Updated: June 11, 2016 8:43:21 am
Prime Minister Narendra Modi’s visit to Iran raised interest not just in India but across the world. Before the ink was dry after signing agreements on the Chabahar port and the trilateral agreement between India, Iran and Afghanistan, and Modi praising the JCPOA as a “triumph of diplomacy and sagacity”, China jumped in to share the headlines, declaring its long-standing friendship and ties with Iran. Not to be outdone, Pakistan too made appropriate noises on its plans to work with Iran. The attempt at sharing attention on the front page of the Tehran Times of May 25 made some insiders smile. It was a sure indication of the success of the visit of India’s premier and his roadmap to energise strategic ties, renew economic ties, and revitalise age-old cultural links with the great Persian civilisation.
The cultural agenda was covered under the largely unnoticed third agreement signed under the PM’s aegis by the Indian Council for Cultural Relations and the Islamic Culture and Relations Organisation. Here is the text of the cultural section of India’s third agreement with Iran: xii. Driven by mutual desire to promote Indology and Persian Studies so that the current and future of citizens of the two countries are better informed of the mutually enriching and close interaction among India and Iran, both sides welcomed a number of initiatives underway and planned in the cultural sphere. They appreciated the organisation of the event ‘India and Iran, Two Great Civilisations: Retrospect and Prospect’ in Tehran from 23-25 May 2016 jointly by the Indian Council for Cultural Relations (ICCR) and the Academy of Persian Language and Literature (Farangistan). Noting the importance of the MoU signed between the ICCR and the Islamic Culture and Relations Organisation (ICRO), they encouraged scholars, authors, media, film community, artistes, youth and sportspersons to participate in each other’s cultural and other such festivals planned for the coming two years. They hoped that other measures such as renewed Cultural Exchange Programme, creating an Eminent Persons Group for exploring further avenues of cooperation, and establishing a Chair for Hindi language in Tehran University and also supporting the Persian language courses in India, will further boost the efforts to cherish and preserve the shared cultural heritage of the two countries.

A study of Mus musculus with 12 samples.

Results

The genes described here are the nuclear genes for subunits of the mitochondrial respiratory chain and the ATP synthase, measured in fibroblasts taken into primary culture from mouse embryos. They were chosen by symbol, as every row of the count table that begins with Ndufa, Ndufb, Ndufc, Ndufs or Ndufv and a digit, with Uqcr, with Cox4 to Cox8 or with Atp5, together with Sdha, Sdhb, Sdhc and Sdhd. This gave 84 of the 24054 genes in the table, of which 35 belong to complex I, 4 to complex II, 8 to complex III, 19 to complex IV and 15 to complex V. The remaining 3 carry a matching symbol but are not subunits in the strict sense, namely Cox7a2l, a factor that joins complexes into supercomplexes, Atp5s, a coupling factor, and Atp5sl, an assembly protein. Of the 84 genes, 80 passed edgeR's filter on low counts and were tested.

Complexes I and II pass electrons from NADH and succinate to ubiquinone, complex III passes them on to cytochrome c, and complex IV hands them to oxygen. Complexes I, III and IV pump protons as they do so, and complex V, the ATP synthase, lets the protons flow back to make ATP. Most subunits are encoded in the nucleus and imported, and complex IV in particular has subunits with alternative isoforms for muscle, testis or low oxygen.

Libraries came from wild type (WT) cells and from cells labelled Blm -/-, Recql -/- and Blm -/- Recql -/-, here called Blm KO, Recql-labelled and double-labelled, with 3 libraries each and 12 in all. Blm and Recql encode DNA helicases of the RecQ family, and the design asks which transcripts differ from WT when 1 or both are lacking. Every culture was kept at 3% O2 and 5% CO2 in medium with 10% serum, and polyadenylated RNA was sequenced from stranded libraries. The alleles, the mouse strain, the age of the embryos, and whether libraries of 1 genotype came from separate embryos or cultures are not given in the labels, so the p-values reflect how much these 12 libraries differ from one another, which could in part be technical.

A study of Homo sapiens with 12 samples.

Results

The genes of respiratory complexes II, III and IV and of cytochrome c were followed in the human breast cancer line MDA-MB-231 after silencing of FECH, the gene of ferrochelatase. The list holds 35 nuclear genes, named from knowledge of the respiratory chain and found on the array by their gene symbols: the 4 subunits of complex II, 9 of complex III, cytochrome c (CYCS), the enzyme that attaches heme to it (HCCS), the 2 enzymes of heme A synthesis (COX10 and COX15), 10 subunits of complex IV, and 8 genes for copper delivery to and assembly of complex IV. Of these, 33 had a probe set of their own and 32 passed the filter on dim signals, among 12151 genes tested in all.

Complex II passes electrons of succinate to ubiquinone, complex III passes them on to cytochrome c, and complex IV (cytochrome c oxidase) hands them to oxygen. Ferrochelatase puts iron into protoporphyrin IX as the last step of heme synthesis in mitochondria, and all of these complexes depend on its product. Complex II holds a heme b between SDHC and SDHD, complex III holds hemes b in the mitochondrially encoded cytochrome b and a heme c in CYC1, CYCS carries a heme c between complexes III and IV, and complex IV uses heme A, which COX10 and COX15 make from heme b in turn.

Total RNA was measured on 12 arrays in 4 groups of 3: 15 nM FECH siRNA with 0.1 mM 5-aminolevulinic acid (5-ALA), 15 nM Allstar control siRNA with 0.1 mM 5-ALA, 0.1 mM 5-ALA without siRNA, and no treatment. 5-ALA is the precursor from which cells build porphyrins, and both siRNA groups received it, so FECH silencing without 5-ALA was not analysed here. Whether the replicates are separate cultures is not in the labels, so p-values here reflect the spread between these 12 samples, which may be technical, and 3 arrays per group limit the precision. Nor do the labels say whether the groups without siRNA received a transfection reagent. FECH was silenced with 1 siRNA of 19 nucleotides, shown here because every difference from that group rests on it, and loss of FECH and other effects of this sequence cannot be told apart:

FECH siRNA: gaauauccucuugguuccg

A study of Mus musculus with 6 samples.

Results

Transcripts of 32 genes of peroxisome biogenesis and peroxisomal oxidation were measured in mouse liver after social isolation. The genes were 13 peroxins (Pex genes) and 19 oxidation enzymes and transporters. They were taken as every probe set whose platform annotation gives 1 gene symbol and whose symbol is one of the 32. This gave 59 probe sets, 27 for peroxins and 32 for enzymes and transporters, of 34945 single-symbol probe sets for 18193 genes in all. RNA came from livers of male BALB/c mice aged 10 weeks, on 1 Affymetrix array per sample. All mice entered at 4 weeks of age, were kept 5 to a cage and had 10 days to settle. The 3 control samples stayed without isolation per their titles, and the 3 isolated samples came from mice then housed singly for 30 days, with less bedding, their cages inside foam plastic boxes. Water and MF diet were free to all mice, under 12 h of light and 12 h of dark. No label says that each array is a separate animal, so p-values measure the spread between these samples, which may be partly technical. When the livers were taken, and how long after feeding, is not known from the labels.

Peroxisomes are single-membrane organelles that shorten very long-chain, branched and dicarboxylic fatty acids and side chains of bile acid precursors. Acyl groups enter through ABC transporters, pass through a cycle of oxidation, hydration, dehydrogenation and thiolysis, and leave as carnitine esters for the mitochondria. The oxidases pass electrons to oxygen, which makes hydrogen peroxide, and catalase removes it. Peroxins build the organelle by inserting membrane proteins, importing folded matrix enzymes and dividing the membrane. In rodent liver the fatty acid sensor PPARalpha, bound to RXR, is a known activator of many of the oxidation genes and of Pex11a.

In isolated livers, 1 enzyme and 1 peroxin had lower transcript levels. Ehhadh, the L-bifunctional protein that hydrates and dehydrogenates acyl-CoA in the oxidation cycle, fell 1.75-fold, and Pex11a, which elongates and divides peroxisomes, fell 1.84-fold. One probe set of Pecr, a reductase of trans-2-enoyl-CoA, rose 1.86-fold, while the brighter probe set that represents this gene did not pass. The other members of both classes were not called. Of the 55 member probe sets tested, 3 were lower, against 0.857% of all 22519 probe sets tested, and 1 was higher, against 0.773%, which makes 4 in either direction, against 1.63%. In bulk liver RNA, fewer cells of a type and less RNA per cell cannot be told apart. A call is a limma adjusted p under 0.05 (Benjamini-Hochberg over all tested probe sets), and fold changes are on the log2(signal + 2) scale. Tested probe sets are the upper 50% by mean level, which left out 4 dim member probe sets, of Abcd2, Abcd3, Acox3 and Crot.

In the past decade, India has been attaching growing importance to the use of its vast resource of “soft power”. This happens for both capacity building in African countries and people-to-people contacts with countries like China and Japan. These should not go unnoticed. Soft cultural diplomacy resonates positively among the common people of different countries through Bollywood music and films, classical and folk music, linguistic similarities, arts and craft, food, and even dress. Across countries, from Iran, Russia, China, Egypt and Ethiopia to Brazil, some music group or individual will start singing a familiar Hindi film song when they spot Indians, admire Indian handwoven silk saris, roll their eyes at a chicken tikka and stop you in a crowded bazaar to ask about Aishwarya Rai or Katrina Kaif.
The PM’s inauguration of a two-day international conference on India-Iran, Two great civilisations: Retrospect and Prospect, included the release of the famous Persian manuscript Khalileh was Dimneh, which is a translation of India’s Panchatantra Tales. It has been a celebrated document in Iran’s history while modern Indian parents only half-heartedly offer it to their children. In his speech, Narendra Modi made two evocative points. He reminded the audience of a popular saying that the nightingales of Iran sing more beautifully because of the sweets that come from India, and that we need to revive the great times when Persian calligraphers wrote the scripts illustrated by Indian artists.
As the only non-scholar, cultural/craft activist in the conference, among a cultural delegation of Iranologists, poets and musicians from India coinciding with the the PM’s visit, my offering was a visual landscape of how Iranian artists and crafts persons have influenced India’s art and architecture over the centuries, not just in Kashmir, but in Rajasthan, Gujarat, Andhra Pradesh and Telangana among others. These influences have been internalised so deeply in the Indian artist’s psyche that origins are forgotten but motifs, colours, techniques and themes remain.
In the cities of Isfahan and Shiraz, Indian artists and designers would be overwhelmed at the splendour of the tiles, mosaics, paintings and brickwork on edifices constructed at different times in history. From the origins of the Zoroastrians at Persepolis, where stone relief work shows Indian delegations in procession with gifts for Darius, to paintings of Humayun’s court, textiles that resonate with Indian colours and paisleys, tile designs on mosques with images of elephants, not only is the artistry magnificent but the preservation of cultural heritage is remarkable for its eclectic and secular outlook and sophistication. Our ASI and even Swachh Bharat agencies have a lot to learn.
After years of strong Western cultural influences, the vibrant culture of the “common bazaar”, the bustling space that generally forms the beating heart of craft, culture and commerce, from the Middle East to India to South Asia and the far East, is a cultural, economic and social construct that brings people together and is worth preserving. One only needs to reconnect these common cultural traditions through opportunities for collaborations for these old exchanges to flourish again.